When the Virginia Consort takes the Cabell Hall Auditorium stage for its Mid-Season Masterworks concert, it’ll be a bittersweet moment for both the singers and the audience.

Founding director Judith Gary will be retiring in May, so Sunday afternoon’s performance will be her last on the Cabell Hall stage with the singers she started leading in the late 1980s. What began informally as a series of rehearsals with Gary conducting a small group of experienced singers is in its 30th season, and today’s organization includes six choruses — the Chamber Ensemble and Festival Chorus for adults, the Youth Chorale and Treble Chorus for young adults and teens and the Prelude Choir and First Step Choir for younger children.

“I had no idea what was going to happen,” Gary said of those first casual rehearsals. She and the singers enjoyed rehearsing together so much that they began to plan some performances.

“We decided something was missing, and we had to share it,” Gary said. “So we had a concert. Our very first concert was in the little rock chapel at Church of Our Saviour, which holds all of 80 people.” Other concerts soon followed.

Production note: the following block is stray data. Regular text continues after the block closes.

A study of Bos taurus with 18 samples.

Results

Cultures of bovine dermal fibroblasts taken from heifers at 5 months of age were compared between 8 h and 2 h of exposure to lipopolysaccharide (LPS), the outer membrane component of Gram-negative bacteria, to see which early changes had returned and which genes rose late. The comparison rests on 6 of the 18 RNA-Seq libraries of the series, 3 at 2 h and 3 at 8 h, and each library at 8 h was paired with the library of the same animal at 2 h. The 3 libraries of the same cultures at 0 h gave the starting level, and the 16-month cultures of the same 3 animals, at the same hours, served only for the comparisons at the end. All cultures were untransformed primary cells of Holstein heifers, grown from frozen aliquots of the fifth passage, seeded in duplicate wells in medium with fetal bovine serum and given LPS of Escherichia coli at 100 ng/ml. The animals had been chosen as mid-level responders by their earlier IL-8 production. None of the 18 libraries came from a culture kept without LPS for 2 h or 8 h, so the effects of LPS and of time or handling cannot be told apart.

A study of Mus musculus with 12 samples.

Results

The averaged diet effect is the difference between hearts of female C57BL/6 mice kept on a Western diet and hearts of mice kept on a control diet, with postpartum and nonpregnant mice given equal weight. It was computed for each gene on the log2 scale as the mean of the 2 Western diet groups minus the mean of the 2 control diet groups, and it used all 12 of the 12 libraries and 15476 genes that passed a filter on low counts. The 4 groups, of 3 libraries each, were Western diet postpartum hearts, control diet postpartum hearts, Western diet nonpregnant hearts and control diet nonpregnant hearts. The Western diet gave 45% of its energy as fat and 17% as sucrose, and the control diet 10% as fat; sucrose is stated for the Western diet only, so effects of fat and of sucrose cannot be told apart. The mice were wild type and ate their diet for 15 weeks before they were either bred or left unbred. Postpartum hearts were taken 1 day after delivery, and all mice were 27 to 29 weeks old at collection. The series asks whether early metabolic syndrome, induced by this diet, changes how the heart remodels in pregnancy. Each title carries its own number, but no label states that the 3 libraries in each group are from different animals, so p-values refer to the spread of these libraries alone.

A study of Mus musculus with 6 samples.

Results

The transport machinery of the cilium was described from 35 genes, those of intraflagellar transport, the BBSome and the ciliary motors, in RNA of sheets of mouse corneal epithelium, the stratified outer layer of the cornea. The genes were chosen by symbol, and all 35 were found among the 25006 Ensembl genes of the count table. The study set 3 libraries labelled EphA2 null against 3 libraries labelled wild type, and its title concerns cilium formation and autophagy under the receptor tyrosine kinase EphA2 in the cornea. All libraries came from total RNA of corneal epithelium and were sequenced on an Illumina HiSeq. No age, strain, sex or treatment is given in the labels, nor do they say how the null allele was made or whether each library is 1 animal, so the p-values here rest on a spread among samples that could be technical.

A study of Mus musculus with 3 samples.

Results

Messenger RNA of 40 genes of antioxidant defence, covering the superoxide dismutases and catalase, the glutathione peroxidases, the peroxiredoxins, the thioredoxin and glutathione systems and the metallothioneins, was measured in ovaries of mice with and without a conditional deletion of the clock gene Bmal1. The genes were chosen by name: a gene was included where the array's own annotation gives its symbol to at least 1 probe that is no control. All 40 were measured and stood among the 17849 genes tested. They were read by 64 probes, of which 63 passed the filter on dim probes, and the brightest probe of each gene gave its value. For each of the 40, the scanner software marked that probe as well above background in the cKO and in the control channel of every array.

Fast-forward to the performance of Mozart’s “Vespers” and Vivaldi’s “Magnificat” by the Virginia Consort Festival Chorus and Chamber Chorus at 3:30 p.m. Sunday in Cabell Hall Auditorium, for which about 115 singers will be joined by a full orchestra and soloists.

Gary said the Vivaldi is “a multi-movement piece with lots of fugues. It’s brilliant. One movement is 12 measures long; he’s taking a line of the text and giving it its own moment.”

As a priest and music director, Vivaldi taught violin and wrote music for the Ospedale della Pieta orphanage for girls in Venice. The earliest version of his “Magnificat” in G minor is from a vespers service from 1715.

“They had an orchestra that was known throughout Europe,” Gary said. “He wrote all kinds of special things for them.”

Mozart’s “Vespers” is “incredibly invigorating music” that reflects the endlessly creative composer’s yearning to leave Salzburg for the enticing musical environment of Vienna.

Although the work was written for evening vespers use, “there’s nothing sleepy about it,” Gary said. “Nothing.”

Gary isn’t going anywhere just yet. She will conduct “A Little May Music” at 7:30 p.m. May 9 at First Presbyterian Church, which will feature Gabriel Faure’s “Requiem” and some pieces by the consort’s Youth Chorale to finish the consort’s season. She also will lead the Choral Academy 2020 from June 22 to 27, which will give high school singers an opportunity to study a choral masterpiece in depth with professional musicians and staff members and then present what they’ve learned in a concert at week’s end.

Tickets for Sunday’s “Mid-Season Masterworks” concert are $35; students pay $20. Get them in advance at the University of Virginia arts box office or Greenberry’s in Barracks Road Shopping Center.

For information or tickets, go to or dial (434) 244-8444.